Regional Gardening Reports :: National Gardening Association

In the Garden:
Pacific Northwest
November, 2010
Regional Report


Fall and Winter Interest with Ornamental Grasses

I have long been a fan of ornamental grasses, and I especially appreciate them in the fall when my other perennials are looking tired and worn. Ornamental grasses are durable plants with graceful foliage and leaves, but their summer appearance is only part of their appeal.

The Beauty of Grasses
Grasses announce the changing seasons better than any plant I know, starting with a few tender blades in early spring, gathering momentum as the weather warms, becoming full and lush by early summer. Grass blades catch the slightest breeze, setting off a chain reaction of ripples, waves and rustling sounds, which are welcome elements in my garden. As the foliage matures, it often changes in color and texture. The biggest payoff comes in late summer and early fall when their feathery flower spikes appear.

Feathery Plumes Add Drama
I began collecting ornamental grasses about six years ago and am convinced they are a good investment. I've discovered that you can't believe everything you read about their characteristics, though. Canary grass (Phalaris canariensis) and feather grass (Stipa pennata) are not the small tufts pictured in catalogs. At least, not in my garden! It's amazing how tall and wide these plants can grow in a single year. My first experience with these plants was a disaster. Both had to be moved to keep them from obscuring the lower-growing plants in my flower bed. Be sure to give them more room than you think they'll need when you plant them in your garden.

Standout Specimens
My favorite grasses include ribbon grass (Phalaris arundinacea), with white-striped green leaves and airy flower clusters, and the graceful, arching, slender leaves of Japanese forest grass (Hakonechloa macra). Both make good companions to brightly colored flowers, especially the big, bold blossoms of poppies and zinnias. Another absolute favorite is Mexican feather grass (Stipa teouissima), a fine-textured, 12- to 18-inch-tall plant that combines well with other flowers or stands alone as an accent in the landscape.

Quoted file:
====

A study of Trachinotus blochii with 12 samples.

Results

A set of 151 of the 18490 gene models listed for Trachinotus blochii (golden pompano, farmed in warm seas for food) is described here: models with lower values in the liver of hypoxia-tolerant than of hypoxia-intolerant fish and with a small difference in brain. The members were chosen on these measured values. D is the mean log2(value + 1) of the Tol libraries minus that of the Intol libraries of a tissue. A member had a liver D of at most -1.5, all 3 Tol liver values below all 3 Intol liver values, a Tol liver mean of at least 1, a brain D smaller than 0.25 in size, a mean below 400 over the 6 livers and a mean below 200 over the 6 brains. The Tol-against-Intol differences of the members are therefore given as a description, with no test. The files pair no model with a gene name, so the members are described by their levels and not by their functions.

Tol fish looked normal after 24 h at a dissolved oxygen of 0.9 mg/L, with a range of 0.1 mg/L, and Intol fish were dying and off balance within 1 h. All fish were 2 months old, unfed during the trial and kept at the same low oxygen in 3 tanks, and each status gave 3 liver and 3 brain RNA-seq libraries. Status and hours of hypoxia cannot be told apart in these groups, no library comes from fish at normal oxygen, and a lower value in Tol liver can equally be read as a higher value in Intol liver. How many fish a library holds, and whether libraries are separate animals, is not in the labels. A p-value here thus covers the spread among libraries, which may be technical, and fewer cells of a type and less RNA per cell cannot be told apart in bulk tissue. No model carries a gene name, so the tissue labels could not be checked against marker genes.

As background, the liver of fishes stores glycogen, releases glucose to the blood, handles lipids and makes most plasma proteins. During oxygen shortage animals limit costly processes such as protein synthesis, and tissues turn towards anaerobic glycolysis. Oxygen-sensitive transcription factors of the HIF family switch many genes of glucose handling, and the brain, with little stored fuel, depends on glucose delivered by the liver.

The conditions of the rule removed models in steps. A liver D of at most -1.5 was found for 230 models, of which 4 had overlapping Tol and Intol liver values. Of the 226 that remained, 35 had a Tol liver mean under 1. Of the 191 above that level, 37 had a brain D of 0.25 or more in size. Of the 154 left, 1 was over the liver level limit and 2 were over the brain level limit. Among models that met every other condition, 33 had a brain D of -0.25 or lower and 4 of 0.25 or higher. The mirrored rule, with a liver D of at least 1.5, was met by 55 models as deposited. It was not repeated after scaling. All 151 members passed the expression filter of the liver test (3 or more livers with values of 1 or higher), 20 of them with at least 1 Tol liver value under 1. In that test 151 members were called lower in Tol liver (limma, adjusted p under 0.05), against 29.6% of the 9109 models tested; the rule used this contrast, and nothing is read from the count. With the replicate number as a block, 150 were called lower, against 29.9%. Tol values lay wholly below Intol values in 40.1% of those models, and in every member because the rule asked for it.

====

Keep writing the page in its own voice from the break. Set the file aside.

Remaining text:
Spreading vs. Mounding
Most ornamental grasses have clumping, mounding habits and range from a few inches to several feet in height. Some spread and readily reseed. Unless you want to chase errant grasses all over your garden, choose your specimens with caution. I've found that Miscanthus and Pennisetum usually do not produce viable seeds. This makes them good choices if you're concerned about volunteers popping up in your garden.

All grasses thrive in full sun and fast-draining soils. They're reliably pest free, and their plumes make great additions to cut-flower arrangements. I cut back dead foliage at the end of winter to renew the plants. Aside from rampant growth when the location suits them, I can't think of a single reason not to include a few specimens of ornamental grass in any sunny bed.